It's national Carers Week and today I'm visiting the Carers Support Service in Chichester which is celebrating its 10th anniversary.
Incredibly, there are 6 million people in the UK caring for a relative or friend who, because they are frail, ill or disabled, simply wouldn't be able to manage on their own.
According to a recent survey, 65 per cent of carers are responsible for more than 50 hours of care each week. And more than half of carers have been forced to give up work.
Carers are the unsung heroes in our community who sacrifice their own health, physical and mental, to look after the people they love.
I know this because carers write to me. In the last few months I've been trying to help an 18 year old student who for several years now has been looking after her disabled father and younger sibling.
So while most people at this age are going out with friends or playing sports, she provides around-the-clock care for her father and is struggling to keep up with her studies.
Not that there's any hint of resentment. Like most carers, she is devoted to her family and wants to help. But it comes at a cost and instead of looking forward to going to university she is worried about what will happen to her father if she moves away.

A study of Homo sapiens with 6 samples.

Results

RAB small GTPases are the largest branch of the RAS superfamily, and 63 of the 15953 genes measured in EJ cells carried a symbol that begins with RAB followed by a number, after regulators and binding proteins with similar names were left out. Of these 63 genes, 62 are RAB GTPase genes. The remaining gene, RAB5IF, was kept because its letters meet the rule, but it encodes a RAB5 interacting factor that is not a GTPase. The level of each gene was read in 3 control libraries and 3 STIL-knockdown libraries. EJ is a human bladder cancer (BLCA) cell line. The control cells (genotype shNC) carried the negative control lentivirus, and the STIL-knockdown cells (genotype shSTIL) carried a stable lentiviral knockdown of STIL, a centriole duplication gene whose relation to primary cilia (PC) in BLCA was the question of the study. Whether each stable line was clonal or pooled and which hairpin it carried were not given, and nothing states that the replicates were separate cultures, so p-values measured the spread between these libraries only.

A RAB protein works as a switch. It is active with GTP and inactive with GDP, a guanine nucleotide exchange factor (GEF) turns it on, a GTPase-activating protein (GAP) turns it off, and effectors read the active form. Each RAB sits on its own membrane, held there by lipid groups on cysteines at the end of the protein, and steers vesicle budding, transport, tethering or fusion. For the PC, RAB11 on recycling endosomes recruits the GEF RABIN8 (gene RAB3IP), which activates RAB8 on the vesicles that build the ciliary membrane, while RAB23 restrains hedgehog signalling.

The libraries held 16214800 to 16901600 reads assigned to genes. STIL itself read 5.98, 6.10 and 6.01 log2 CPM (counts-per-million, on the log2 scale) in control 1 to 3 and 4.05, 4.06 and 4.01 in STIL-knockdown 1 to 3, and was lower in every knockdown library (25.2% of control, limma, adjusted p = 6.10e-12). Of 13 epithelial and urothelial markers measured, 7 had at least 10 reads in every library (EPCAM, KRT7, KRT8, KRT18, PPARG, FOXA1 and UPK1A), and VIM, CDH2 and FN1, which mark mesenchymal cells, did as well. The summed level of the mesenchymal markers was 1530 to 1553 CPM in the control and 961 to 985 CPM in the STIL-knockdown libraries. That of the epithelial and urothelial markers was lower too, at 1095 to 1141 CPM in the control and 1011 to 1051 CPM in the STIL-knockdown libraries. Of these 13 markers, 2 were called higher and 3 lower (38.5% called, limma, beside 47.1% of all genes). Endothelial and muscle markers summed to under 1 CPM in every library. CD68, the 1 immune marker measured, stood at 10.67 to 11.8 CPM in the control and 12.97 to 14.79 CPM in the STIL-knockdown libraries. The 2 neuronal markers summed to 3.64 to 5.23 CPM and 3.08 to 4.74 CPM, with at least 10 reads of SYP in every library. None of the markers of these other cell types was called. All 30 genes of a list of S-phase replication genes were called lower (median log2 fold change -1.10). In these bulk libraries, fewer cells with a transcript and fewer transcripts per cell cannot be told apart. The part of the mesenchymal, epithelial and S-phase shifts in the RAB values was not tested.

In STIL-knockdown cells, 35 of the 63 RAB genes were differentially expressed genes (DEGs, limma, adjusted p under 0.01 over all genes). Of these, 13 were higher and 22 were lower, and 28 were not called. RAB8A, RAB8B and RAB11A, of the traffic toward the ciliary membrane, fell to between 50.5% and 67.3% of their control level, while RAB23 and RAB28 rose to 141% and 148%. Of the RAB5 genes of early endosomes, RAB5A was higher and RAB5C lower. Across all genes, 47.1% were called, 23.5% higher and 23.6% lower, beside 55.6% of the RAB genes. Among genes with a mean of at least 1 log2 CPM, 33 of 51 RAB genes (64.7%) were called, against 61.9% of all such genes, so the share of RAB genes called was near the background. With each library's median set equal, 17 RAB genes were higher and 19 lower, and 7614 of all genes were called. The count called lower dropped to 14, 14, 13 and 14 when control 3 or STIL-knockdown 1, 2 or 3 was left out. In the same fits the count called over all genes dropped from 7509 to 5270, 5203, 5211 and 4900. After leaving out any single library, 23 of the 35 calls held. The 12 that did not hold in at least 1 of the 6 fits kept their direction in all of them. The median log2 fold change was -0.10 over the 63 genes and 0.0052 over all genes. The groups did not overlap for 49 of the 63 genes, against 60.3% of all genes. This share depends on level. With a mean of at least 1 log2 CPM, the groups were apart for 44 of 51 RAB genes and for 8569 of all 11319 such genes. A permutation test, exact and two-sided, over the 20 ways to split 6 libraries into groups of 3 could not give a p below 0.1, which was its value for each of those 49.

And she feels different from everyone else, unable to share her problems because she thinks no-one else will understand. It's a lot of pressure on such young shoulders.
I think it's time we recognised the contribution of carers, young and old, who look after some of the most vulnerable people in our society. And, where we can, we should help them.
Despite saving our economy £87 billion a year, we do very little for carers in return. So I'm pleased that the new Government is urgently looking at how we can reform social care.
Whether it's by giving people more control of their care through personal budgets or making sure that carers are able to take a break every now and again, we owe them our support and our admiration.